Pearl Izumi X-Alp Launch II Reviewed
This review could be very quick. The Pearl Izumi X-Alps Launch II are awesome. These are the best shoes I’ve had the pleasure to put my feet in for some time. In fact I’m struggling to recall a pair of shoes that I have liked more. A shorter name would be nice just for the sake of this review so from now on I’ll use my pet name for them, Launch IIs.
The Launch IIs have been designed for mountain biking as I know it. The kind where you are out on the bike for 3+ hours and the miles could have a plethora of adventures along the way. The kind of ride that might find you scaling an hour plus climb, choosing your own adventure with your bike across your shoulders, trying to find a ribbon of singletrack on a map and then reaping the rewards with a descent that tests your arm and leg strength.
That’s not to say that the Launch IIs are not adept at hot laps on your favourite rowdy rips but the true test of a shoe is your ability to wear them all day without wanting to toss them in the nearest ravine and wrap your feet in skunk cabbage for the rest of the ride (which I hear is a good remedy for callouses*).
(*I made this up).
So what’s the deal with these shoes and what makes them so special? To start with I’m a big fan of the fit. In the past I have been a little critical of the fit of Pearl Izumi shoes. They tend to be on the slim side and typically I have gone up a size to get a shoe that fits my wider feet. The Launch IIs seem to be built a little different with a roomier toe box than usual.
Snugging things up around your foot is a micro-adjustable BOA reel that draws in the wire across the top of the foot. This bi-directional closure gathers the upper equally from both sides for an even feel across the foot. This avoids any hot spots or areas where you feel uneven support from the shoe’s closure. That is backed up with a Velcro strap over the forefoot to snug things up. The heel cup fits well with a nicely padded cuff and I had little heel lift or slop when clipped in or when hiking through the brush.
The toe box has good protection to ward off stray rocks that may ping off of your front wheel. It’s a feature that I like and has been an issue with other shoes as I tend to cut my turns pretty tight at times and bash my pinky toe on rocks, roots, stumps etc. That combined with a chunkier sole gives the shoes a really nice substantial feel. Not overly clumpy and heavy, just enough to feel like you can go stomp across a scree slope without worrying about tearing your shoes up.
The sole is a revelation to me. The ¾ length shank means that the area in front of the cleat bed is very free to flex and it seems that PI have focused on making it so flexible that stomping back up a trail for Kaz to take “one more” is actually not a big deal. The carbon shank means that when you are pushing down on the shoe and cranking out some watts you get that responsive XC-slipper style stiffness, transmitting your intentions to the pedals.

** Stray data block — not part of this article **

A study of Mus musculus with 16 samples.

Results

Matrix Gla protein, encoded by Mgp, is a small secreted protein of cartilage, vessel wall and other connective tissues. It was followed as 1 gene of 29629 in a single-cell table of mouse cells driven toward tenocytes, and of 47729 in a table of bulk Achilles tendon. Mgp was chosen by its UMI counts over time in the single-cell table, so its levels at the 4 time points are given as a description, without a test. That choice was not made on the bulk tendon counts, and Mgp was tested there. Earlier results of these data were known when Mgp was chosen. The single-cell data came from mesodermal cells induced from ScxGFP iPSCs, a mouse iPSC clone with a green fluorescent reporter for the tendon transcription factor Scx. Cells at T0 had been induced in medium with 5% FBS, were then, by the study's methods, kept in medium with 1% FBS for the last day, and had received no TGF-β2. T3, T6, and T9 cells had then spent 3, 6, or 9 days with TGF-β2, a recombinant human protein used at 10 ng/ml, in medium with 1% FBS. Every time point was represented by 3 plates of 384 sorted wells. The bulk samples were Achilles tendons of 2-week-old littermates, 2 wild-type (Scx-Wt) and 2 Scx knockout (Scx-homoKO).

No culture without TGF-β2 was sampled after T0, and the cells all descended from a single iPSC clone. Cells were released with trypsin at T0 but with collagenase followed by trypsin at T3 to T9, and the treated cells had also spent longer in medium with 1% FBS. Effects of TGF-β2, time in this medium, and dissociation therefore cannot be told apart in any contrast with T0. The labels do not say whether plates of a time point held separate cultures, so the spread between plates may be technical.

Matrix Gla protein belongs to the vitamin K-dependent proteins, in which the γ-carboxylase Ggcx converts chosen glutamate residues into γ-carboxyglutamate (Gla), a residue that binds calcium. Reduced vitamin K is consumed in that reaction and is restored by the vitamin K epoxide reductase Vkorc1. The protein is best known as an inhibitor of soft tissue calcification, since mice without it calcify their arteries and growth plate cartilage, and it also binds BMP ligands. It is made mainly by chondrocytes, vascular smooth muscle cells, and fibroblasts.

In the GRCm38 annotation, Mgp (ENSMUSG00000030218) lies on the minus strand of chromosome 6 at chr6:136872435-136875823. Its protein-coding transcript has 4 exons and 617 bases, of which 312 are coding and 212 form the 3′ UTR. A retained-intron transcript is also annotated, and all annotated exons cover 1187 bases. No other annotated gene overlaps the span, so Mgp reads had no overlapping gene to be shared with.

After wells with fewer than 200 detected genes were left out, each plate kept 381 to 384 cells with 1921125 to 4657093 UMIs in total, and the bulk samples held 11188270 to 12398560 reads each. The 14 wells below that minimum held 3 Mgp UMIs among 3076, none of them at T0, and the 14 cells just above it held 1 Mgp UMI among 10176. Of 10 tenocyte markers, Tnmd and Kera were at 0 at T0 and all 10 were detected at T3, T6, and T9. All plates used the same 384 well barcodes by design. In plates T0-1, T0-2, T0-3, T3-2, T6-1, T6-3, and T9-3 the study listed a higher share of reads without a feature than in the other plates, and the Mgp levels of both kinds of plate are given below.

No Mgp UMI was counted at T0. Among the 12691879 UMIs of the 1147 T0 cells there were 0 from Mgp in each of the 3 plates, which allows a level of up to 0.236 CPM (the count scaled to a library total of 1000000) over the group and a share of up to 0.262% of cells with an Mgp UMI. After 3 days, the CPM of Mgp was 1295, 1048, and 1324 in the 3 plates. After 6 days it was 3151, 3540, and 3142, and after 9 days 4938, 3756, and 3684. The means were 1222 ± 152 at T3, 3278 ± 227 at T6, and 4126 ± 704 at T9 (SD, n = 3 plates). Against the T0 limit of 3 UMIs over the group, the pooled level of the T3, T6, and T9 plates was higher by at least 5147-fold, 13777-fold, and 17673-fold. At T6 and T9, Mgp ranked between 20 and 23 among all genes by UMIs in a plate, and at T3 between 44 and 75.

The sole also seems to have a nice amount of give and isolation between the cleat and your foot. On my hardtail on long rides, I have experienced hot spots in other shoes where the cleat sits under the forefoot. That’s something I haven’t experienced with the Launch IIs and they share that feature with Specialized 2FO.
Grip wise the Launch IIs have a trail-runner like sole with a lot of little lugs set along their full length, even in the mid-foot area. That translates into good grip in the dirt and surprisingly, on wet rocks too. The flex at the front of the sole also contributes when hiking uphill; allowing you to dig the toe in without feeling like the heel is going to lift out of the shoe.
Given that I received these shoes in the depths of winter, life has not been easy for them. They immediately got covered in muck and dragged through the worst that the Pacific Northwest can throw at them this time of year. I’ve hosed them down a bunch of times and they clean up well and don’t seem to be suffering wear wise. In fact, after a quick clean up they look pretty spiffy. The stealthy black finish may help with that but the finish of the uppers gives a strong sense of quality.
I’ve been wearing them pretty exclusively with waterproof socks, though there have been a few rides where I got away with just a wool sock, so ventilation hasn’t really been on my mind. I recently managed to ride them in some hotter climes and I didn’t even think about them. So I guess that the ventilation on a hot day will be just dandy.
That’s the best thing with these shoes for me. After the first ride, I haven’t really thought about them much. After a wet pedal, these shoes are stuffed with newspaper and set in a cozy spot next to my furnace so they dry in time for the next ride. The closest shoe that I’ve worn to this is the Specialized 2FO and where the PI X-Alp Launch II beats that shoe is the sole and the grip that it affords off the bike.
Do you let your riding shoes into your bed?